This past Wednesday (March 21, 2012) I participated in a debate titled “Does God Probably Exist, or Not?” at Virginia Tech. My debate partner was a very loving fellow who was an undergraduate in International Relations. My two atheist opponents were a PhD student in Physics and the other was an undergraduate in biology. I was thoroughly pleased and impressed with the university and the love and kindness that the organizers and participants extended to me. I certainly felt like I was in a friendly atmosphere and sensed no hint of hostility.
I thought the debate went very well. My only criticism was that I was under the impression that there was going to be a twenty or twenty-five minute cross-examination period but that never came to fruition. I present three arguments for the existence of God: the argument from contingency, the fine-tuning argument, and the moral argument. For the contingency argument I used Thomas Aquinas’ argument. The fine-tuning argument was an abductive form and a slightly modified version of Robin Collins argument. The moral argument was an abductive argument modeled after David Baggett’s version. In a few following posts I’ll share my arguments and methodology in more detail but here are the forms of my arguments I used:
The Thomistic Cosmological Argument
- What we observe and experience in our universe is contingent.
- A network of causally dependent contingent things cannot be infinite.
- A network of causally dependent contingent things must be finite.
- Therefore, There must be a first cause in the network of contingent causes.
The Fine-Tuning Argument
- Given the fine-tuning evidence, a life permitting universe/multiverse (LPM) is very, very epistemically unlikely under the non-existence of a fine-tuner (~FT): that is, P(LPM|~FT & k’) ≪ 1.
- Given the fine-tuning evidence, LPM is not unlikely under FT (Fine-Tuner): that is, ~P(LPM|FT & k’) ≪ 1.
- Therefore, LPM strongly supports FT over ~FT.
*Remember, k’ represents some appropriately chosen background information that does not include other arguments for the existence of God while merely k would encompass all background information, which would include the other arguments, and ≪ represents much, much less than (thus, making P(LPM|~FT & k’) close to zero).
The Moral Argument
- There are objective axiomatic/moral facts that obtain.
- Either the world alone or the world and a perfectly moral person best explain these facts.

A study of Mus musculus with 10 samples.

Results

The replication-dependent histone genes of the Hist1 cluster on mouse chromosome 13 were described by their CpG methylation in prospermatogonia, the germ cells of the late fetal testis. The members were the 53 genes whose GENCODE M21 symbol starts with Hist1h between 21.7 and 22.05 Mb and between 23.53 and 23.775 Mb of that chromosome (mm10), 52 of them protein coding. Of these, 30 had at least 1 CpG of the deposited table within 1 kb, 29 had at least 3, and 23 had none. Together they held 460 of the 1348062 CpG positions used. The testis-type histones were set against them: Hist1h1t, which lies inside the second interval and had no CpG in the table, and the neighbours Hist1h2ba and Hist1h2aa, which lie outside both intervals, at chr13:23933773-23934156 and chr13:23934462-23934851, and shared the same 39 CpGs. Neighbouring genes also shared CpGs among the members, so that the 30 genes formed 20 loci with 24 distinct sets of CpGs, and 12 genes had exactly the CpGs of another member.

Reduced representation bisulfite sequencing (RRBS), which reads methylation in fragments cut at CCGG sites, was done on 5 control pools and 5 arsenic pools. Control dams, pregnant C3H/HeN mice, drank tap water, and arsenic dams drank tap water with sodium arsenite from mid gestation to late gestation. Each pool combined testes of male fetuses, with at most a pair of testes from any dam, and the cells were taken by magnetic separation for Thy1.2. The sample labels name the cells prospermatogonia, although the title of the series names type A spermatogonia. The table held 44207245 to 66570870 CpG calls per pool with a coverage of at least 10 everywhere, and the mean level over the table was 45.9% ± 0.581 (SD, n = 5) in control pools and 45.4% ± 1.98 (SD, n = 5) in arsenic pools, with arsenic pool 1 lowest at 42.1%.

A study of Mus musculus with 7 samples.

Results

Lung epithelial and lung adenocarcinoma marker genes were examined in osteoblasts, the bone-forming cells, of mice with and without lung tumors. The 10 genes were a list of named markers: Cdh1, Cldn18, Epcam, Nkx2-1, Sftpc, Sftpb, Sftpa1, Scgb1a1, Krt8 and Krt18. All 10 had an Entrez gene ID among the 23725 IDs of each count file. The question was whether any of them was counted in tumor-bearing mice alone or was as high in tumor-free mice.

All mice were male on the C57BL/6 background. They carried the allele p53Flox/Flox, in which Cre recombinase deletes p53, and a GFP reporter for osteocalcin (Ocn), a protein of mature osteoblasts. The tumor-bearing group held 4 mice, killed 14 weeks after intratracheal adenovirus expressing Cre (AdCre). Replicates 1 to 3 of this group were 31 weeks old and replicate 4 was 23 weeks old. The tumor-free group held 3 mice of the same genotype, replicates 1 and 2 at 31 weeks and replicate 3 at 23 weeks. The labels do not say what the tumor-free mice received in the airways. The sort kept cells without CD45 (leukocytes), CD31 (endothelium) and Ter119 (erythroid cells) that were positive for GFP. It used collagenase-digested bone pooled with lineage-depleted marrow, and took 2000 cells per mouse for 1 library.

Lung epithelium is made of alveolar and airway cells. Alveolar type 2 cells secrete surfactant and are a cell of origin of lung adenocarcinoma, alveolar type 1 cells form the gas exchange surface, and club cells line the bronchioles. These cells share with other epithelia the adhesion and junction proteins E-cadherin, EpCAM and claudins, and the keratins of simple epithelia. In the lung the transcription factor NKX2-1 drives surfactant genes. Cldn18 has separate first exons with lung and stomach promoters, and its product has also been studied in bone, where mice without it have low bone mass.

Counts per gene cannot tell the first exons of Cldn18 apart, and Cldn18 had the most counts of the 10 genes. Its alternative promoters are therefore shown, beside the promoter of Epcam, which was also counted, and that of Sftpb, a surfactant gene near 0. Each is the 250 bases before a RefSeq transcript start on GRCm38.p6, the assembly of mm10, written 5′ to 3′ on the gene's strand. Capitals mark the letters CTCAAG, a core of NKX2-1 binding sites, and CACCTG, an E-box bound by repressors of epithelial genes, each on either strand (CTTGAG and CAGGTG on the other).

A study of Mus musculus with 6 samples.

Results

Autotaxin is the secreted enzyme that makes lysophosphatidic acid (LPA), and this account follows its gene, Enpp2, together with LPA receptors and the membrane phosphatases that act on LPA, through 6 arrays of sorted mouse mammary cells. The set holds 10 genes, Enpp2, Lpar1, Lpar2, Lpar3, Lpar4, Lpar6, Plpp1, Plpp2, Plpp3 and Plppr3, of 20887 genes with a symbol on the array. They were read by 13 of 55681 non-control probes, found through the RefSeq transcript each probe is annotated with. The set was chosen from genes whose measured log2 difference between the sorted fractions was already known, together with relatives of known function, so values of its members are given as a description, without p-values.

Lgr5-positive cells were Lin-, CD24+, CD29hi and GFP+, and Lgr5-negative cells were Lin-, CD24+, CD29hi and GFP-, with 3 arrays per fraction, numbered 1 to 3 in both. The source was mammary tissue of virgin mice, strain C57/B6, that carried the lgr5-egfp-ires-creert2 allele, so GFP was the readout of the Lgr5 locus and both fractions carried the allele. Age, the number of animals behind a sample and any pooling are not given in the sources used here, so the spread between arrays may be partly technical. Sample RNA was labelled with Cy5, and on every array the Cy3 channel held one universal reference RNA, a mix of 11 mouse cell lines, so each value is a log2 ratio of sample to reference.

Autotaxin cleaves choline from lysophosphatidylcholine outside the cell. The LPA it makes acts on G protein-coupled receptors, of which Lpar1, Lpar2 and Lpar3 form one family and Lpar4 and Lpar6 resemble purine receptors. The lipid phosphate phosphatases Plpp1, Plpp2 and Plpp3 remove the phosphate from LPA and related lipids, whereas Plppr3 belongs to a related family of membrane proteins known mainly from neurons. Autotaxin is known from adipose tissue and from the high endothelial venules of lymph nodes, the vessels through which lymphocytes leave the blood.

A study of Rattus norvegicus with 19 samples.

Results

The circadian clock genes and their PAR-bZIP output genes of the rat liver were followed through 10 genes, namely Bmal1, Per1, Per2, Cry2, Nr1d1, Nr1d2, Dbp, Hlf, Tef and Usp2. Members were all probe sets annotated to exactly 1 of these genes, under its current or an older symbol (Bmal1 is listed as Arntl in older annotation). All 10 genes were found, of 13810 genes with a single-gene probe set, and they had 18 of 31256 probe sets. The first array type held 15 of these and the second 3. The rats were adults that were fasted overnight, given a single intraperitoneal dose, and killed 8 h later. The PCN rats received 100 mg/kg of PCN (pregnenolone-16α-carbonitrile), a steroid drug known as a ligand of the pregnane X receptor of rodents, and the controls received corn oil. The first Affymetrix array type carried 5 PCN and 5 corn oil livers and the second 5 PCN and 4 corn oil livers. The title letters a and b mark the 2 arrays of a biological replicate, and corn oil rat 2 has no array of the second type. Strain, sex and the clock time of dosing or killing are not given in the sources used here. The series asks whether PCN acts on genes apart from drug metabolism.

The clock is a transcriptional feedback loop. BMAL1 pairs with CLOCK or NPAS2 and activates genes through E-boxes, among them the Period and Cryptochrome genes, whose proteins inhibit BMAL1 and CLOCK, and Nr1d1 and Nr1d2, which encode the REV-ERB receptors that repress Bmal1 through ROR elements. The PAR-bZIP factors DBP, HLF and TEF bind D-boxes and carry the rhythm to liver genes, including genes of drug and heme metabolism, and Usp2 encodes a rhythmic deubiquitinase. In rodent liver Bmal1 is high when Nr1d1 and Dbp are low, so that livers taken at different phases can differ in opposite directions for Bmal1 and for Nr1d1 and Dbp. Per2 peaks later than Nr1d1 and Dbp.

- It is the case that the world and a perfectly moral person best explain these facts.
- Therefore, the world and a perfectly moral person best explain these facts.
I felt that my arguments went generally uncriticized during the debate. The atheists’ arguments were essentially two basic arguments: 1) that the God of the Bible committed atrocities and genocide and certain biblical doctrines seem immoral while the second argument 2) was that evolution is true and there are natural evils, pains, and sufferings and God wouldn’t do that. I’ll explain these cases more in future posts along with a few nuanced aspects of them but those were the main punches. I’ll also try to answer a few questions I received from the audience during and after the debate. I also heard of a few dialogues and objections from other intra-audience member discussions post-debate and I’ll comment on those as well. The debate was recorded with high-definition video and audio. Once I get the video I’ll post it online.
It’s my hope that Liberty University and Virginia Tech could turn this debate into a regular course of events. Perhaps we could have a debate once a semester and alternate the location from university to university. I hope that I’ll be able to build friendships with all involved: my debate partner, my atheist opponents, and several audience members that spoke with me afterwards.
 Robin Collins, “The Teleological Argument,” in The Blackwell Companion to Natural Theology Eds. William Lane Craig and J.P. Moreland (Oxford, UK: Blackwell, 2009), 207.